We investigated whether both blind and visually guided production of line drawings is subject to the same distortion observed in the visual perception of such drawings. To this end we compared illusion extents associated with the perception, drawing and blind drawing of the inverted T configuration of the horizontal-vertical illusion.
In the perceptual task, subjects (n=4) viewed the configuration on a computer screen and using the arrow keys adjusted the length of the vertical line to look equal to that of the horizontal. In the production task, subjects were asked to draw on paper both with and without vision an inverted T figure with equally long horizontal and vertical lines.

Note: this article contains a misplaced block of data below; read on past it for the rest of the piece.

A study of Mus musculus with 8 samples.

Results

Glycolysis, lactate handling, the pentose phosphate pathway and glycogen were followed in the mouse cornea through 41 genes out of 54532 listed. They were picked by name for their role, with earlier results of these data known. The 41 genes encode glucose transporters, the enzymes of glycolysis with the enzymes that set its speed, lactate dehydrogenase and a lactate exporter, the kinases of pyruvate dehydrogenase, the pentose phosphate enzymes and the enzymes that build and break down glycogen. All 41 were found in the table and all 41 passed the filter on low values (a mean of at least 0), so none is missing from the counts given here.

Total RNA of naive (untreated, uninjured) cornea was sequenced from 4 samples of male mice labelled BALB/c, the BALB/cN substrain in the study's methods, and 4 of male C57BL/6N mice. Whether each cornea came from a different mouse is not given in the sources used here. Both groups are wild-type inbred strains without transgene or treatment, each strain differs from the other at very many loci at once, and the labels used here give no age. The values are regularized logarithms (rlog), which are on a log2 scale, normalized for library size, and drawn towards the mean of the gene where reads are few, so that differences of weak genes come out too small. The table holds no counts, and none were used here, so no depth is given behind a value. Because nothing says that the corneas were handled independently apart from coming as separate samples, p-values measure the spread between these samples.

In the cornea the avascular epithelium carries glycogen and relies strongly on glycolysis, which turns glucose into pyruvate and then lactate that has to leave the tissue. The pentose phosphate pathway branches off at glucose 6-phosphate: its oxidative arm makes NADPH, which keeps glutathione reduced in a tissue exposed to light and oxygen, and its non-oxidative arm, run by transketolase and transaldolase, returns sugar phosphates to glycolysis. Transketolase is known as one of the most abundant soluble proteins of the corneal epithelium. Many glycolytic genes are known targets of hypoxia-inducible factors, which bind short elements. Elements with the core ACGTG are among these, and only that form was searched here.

Illusion extent (IE) was calculated as the percentage by which the vertical line was shorter than the horizontal at the PSE. Average IEs by subject ranged from 6–18% (perception), 16–27% (visually guided drawing) and 13–32% (blind drawing). IEs tended to be larger in the drawing conditions than in the perceptual condition. All four subjects had a significantly increased IE in at least one of the drawing conditions compared to the perception condition and only one instance of decreased IE for a drawing condition was observed. Two subjects showed a significantly larger IE for blind than for visually guided drawing, whereas one subject showed the opposite trend.
These results suggest that active drawing of simple line configurations whether blind or visually guided is distorted in the same direction as and to a greater degree than the visual perception of such configurations.